MANATEE -- The dig for the possible remains of a missing Anna Maria Island businesswoman took both high- and low-tech turns Thursday as shovels and radar were used.
Manatee County Sheriff’s deputies received permission to dig up a section of protected sea oat grass in the continuing search for Sabine Musil-Buehler, who went missing in November 2008. They also invited neighboring Sarasota County to bring in an expensive ground-penetrating radar device.
Despite the efforts, no remains were found Thursday, but more attempts are expected in the next few days, said Dave Bristow, a sheriff’s office spokesman.
During the first two days of digging Tuesday and Wednesday, tractors concentrated on turning sand only and found nothing.
But the third day of excavation began on a patch of waving sea oats that apparently were not there in 2008 when Musil-Buehler disappeared.
“We met with the Department of Environmental Protection today and talked about the sea oats covering the beach right off the boardwalk,” Bristow said. The state agency granted permission with the caveat that the sheriff’s office would return the sea oats in as close as possible to the condition they were found, Bristow added.
Sea oats are considered important in retarding beach erosion because their long roots can grip loose soil. In Florida, anyone who disturbs sea oats can be fined.
The radar was another idea the sheriff’s office had, knowing that Sarasota County got a federal homeland security grant three years ago and purchased a machine costing “tens of thousands of dollars” that penetrates the ground using high frequency radio waves, said Michael Gorn, supervisor of the forensic unit for Sarasota County Sheriff’s Office.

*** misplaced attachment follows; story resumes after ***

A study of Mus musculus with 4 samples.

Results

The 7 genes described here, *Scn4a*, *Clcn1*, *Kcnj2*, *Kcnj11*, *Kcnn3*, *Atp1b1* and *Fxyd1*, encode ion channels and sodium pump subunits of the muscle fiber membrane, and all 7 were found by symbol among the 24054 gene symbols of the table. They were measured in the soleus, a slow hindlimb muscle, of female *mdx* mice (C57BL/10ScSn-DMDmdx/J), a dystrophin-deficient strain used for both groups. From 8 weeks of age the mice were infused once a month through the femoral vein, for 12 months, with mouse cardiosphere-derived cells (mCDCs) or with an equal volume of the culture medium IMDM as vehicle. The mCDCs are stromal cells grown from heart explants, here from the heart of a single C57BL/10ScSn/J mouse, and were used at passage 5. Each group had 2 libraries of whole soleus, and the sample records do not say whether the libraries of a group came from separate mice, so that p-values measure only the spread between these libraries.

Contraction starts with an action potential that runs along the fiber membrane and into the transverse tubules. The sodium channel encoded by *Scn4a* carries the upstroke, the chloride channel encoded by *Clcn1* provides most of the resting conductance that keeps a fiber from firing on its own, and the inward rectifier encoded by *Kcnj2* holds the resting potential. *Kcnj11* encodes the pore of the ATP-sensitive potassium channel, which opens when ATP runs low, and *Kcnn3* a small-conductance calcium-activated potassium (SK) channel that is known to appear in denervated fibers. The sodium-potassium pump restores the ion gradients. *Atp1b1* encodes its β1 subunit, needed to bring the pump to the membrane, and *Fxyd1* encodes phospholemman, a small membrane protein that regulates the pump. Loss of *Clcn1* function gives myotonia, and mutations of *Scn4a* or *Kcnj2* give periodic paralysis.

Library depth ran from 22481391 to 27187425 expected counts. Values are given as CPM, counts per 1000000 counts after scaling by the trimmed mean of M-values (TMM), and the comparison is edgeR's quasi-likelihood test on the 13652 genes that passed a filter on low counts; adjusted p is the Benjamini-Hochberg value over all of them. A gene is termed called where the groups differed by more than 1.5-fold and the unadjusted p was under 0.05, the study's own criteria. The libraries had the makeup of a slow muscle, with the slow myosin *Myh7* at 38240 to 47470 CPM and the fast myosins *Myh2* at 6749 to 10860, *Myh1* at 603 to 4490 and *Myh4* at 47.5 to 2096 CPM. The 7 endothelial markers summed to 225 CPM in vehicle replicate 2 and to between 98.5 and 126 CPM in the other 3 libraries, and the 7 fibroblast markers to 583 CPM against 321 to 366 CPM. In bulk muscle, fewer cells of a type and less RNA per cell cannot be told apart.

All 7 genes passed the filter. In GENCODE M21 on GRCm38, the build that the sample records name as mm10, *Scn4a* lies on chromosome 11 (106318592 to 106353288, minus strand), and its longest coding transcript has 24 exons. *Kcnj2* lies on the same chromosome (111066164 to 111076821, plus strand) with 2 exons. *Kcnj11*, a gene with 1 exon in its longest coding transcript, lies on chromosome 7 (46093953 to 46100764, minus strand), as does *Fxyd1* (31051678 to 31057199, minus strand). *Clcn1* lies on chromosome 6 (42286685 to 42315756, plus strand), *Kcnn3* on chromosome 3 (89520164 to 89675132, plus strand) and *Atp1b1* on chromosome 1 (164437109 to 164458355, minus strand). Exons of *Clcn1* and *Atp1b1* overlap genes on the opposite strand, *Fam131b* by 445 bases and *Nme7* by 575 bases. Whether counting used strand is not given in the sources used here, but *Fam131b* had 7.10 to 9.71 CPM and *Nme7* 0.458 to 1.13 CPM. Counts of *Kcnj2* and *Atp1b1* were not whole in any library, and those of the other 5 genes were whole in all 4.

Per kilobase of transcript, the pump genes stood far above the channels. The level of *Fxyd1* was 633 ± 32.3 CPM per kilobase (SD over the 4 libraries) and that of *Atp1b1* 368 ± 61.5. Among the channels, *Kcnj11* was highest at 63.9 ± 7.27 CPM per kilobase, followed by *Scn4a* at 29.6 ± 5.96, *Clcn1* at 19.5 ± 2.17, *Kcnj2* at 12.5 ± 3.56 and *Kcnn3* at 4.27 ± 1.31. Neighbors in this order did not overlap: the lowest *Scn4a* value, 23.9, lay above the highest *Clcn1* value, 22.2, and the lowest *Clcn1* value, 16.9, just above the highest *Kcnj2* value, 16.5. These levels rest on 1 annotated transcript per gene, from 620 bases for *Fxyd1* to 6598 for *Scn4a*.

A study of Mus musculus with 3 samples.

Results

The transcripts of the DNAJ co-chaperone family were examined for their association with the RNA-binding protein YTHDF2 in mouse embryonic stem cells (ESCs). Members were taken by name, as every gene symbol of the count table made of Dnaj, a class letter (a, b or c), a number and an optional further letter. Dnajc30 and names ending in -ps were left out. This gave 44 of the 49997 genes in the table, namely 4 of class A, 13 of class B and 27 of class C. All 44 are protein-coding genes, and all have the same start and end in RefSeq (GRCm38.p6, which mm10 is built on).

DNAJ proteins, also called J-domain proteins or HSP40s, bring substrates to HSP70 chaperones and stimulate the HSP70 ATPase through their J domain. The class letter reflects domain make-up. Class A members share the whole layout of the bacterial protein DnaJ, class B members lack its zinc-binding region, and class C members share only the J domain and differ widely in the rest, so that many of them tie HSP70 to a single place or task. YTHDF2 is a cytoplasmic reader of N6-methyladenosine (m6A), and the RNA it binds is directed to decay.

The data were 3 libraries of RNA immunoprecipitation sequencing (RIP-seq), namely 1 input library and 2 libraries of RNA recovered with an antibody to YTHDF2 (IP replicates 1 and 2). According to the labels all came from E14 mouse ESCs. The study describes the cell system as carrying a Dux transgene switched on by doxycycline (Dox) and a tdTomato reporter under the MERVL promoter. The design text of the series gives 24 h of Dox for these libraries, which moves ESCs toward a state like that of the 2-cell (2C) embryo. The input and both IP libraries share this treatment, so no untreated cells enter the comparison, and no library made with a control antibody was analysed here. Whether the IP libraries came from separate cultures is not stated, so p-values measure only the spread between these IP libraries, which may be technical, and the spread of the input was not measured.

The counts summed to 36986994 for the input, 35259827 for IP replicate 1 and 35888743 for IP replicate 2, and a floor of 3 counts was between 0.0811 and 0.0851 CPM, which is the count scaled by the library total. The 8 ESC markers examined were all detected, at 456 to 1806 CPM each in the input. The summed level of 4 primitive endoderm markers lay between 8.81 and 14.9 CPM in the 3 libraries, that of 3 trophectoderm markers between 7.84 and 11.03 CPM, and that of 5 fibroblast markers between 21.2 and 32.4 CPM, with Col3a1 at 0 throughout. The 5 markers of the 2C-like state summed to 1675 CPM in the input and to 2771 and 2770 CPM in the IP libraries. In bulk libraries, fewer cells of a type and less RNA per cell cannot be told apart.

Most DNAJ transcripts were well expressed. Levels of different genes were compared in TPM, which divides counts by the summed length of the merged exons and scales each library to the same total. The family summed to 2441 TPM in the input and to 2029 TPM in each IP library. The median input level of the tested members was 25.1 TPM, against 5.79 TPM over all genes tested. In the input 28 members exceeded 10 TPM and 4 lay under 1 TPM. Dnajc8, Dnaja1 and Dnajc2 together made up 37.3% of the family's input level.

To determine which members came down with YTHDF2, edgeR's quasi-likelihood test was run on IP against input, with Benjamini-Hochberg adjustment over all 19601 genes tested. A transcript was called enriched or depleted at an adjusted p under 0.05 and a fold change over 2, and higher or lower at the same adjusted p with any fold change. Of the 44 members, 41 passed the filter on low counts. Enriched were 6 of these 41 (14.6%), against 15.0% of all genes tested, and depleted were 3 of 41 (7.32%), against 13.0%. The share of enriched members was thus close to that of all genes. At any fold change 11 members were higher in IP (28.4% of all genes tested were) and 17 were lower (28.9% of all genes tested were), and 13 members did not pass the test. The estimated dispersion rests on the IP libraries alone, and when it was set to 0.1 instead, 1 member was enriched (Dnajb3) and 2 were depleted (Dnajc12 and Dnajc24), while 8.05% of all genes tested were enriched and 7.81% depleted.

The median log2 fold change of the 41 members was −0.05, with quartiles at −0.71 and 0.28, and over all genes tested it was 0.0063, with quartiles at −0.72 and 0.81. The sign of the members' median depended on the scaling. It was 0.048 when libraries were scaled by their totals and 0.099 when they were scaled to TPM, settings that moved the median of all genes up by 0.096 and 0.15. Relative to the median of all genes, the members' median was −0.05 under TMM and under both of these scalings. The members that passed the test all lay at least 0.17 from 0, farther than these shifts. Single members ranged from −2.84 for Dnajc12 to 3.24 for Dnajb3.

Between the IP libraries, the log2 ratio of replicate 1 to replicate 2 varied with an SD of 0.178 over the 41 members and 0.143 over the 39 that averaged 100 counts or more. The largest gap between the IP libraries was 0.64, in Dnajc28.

“We are the only ones in the area with one and we share it,” Gorn said.
The device has four wheels and is pushed over the sand. After the waves penetrate the ground, they send their signal to a screen attached to a rod near the pushing handle.
“It looks like a Segway,” Bristow said, referring to a brand of scooter.
“When it hits something that looks different than everything else, those waves get reflected back and you read it on a monitor and you can see what the anomaly might be,” Gorn added. “It does look like a Segway, with four wheels.”
The idea for digging under the sea oats came from conversations with local residents who informed the sheriff’s office that the grasses emerged relatively recently.
“The citizens of Anna Maria Island have been helpful -- no, make that very helpful,” Bristow said. “They have provided their knowledge and photographs.”
Sheriff’s Office Det. John Kenney, Lt. Tony Williams and Major Connie Shingledecker, who is in charge of all criminal investigations for the sheriff’s office, were walking the beach area Thursday, trying to come up with ideas for the best places to dig.
No arrests have been made in the possible homicide of Musil-Buehler. But officials have long called Musil-Buehler’s boyfriend, William Cumber, a person of interest.
He is the last person reported to have seen her alive Nov. 4, 2008.
Cumber is serving a 13-year prison sentence for violating his probation after she disappeared.
Richard Dymond, Herald reporter, can be reached at 748-0411, ext. 6686.